WASHINGTON — President-elect Barack Obama and his wife have decided that their two daughters will attend Sidwell Friends School, a private institution that Chelsea Clinton attended as first daughter a decade ago.
"A number of great schools were considered," said Katie McCormick Lelyveld, a spokeswoman for the president-elect's wife, Michelle. "In the end, the Obamas selected the school that was the best fit for what their daughters need right now."
She said Malia, 10, and Sasha, 7, "bring with them a number of security and privacy concerns that come with being part of the new first family -- and the school they've selected is positioned to appropriately accommodate that."
And the girls have become good friends with Vice President-elect Joe Biden's grandchildren, who go to the school, she said.
Sidwell is a Quaker school with a campus in suburban Bethesda, Md., for kindergarten through fourth grade, where tuition is $28,442; and another in northwest Washington for fifth through 12th grades, where tuition is $29,442.
Malia is in fifth grade, Sasha in second.
Lelyveld said public schools were considered but the Obamas decided a private school was in the girls' best interest. In Chicago, Sasha and Malia attend the private University of Chicago Laboratory Schools, where Michelle Obama is on the board.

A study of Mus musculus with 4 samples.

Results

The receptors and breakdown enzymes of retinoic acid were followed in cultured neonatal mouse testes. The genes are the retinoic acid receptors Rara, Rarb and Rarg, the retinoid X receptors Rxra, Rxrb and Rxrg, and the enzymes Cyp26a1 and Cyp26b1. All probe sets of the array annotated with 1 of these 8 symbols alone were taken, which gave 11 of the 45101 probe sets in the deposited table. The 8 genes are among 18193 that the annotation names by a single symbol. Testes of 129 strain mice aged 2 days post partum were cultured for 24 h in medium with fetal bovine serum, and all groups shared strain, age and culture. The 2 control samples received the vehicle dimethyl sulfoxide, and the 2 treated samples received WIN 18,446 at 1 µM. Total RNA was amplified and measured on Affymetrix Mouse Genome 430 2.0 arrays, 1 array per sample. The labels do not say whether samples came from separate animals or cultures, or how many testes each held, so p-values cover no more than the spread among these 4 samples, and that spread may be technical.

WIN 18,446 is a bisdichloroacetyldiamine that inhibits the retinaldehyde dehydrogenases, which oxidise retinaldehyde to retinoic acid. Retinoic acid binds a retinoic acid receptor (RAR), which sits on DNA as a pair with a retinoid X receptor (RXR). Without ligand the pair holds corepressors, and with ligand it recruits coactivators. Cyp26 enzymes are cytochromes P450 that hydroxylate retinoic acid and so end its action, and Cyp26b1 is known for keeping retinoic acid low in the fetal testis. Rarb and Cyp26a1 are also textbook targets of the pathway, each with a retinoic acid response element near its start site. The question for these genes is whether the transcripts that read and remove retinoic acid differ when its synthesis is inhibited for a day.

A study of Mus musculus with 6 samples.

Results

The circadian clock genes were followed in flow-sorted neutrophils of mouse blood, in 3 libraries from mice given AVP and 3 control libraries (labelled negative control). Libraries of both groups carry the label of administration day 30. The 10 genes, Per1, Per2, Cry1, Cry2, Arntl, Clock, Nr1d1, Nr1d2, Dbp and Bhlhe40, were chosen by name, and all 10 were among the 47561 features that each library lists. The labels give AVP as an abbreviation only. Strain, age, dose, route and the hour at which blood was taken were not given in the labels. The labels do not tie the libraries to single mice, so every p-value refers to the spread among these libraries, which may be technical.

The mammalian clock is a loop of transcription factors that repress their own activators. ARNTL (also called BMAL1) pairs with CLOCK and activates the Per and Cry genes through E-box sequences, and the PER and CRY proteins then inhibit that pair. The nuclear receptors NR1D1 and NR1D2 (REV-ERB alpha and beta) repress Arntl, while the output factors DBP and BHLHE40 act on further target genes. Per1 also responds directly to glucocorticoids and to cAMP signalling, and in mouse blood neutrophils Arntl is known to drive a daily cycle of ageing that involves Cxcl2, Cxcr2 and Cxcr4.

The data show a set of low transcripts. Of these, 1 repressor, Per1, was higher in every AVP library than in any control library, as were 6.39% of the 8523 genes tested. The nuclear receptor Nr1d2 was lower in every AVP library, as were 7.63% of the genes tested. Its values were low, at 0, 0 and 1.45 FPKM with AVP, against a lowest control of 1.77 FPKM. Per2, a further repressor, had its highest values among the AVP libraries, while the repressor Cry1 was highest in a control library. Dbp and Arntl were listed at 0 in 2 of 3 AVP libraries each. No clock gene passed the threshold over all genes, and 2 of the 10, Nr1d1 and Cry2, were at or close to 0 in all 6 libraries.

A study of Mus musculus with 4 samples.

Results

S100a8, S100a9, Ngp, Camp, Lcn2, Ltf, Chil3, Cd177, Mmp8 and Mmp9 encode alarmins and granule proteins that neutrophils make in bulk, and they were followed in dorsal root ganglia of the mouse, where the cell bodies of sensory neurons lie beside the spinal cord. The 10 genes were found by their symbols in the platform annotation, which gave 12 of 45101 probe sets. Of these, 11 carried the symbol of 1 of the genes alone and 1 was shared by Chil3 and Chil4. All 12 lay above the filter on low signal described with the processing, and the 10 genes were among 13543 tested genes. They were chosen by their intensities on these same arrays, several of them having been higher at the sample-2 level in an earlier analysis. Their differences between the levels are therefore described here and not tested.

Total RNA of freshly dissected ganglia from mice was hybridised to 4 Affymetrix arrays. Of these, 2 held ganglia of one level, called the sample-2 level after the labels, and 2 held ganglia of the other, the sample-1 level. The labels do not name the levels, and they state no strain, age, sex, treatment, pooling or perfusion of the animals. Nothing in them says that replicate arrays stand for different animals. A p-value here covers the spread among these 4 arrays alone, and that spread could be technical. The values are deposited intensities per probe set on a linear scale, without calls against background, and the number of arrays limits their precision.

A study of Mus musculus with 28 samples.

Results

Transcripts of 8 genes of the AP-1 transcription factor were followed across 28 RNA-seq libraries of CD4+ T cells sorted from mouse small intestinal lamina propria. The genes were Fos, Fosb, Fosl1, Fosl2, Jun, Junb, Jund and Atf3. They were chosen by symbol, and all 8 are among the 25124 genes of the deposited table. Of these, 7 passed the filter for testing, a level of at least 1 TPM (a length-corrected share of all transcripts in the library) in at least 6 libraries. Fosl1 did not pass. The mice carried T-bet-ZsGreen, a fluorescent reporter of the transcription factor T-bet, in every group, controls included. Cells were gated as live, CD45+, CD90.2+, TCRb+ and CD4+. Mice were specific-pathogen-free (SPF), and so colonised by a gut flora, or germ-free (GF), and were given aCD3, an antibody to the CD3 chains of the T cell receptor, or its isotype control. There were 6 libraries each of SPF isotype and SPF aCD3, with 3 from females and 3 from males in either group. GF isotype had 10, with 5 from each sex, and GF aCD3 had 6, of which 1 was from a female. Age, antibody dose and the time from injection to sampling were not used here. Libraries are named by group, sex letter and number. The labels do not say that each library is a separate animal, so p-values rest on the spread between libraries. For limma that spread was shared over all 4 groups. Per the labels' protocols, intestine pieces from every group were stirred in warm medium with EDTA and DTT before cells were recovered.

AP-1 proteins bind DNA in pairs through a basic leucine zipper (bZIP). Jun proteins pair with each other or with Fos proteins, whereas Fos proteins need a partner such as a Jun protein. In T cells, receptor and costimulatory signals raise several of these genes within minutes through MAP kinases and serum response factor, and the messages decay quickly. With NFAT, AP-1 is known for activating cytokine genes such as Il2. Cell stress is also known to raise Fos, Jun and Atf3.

"Mrs. Obama is the product of public education on the South Side of Chicago, and she believes strongly in the importance of good public schools for all kids," Lelyveld said.
"The Obama administration intends to work closely with the school systems in the years to come to ensure quality public education is available to all kids."
Letitia Baldrige -- First Lady Jacqueline Kennedy's social secretary and chief of staff -- said Sidwell Friends was a good choice for the Obamas because of its quality and extra security. Caroline Kennedy attended first grade in a makeshift third-floor classroom inside the White House.
Still, "the children are under enormous pressure from the press and their fellow students and especially the mommies of their fellow students," who are eager for their children to attend sleepovers, Baldrige said.
"I'm sure they'll both be athletically inclined and play on all the sports teams, and they'll have a lot of fun," Baldrige said.
"But it won't be easy."
Nafeesa Syeed contributed to this report.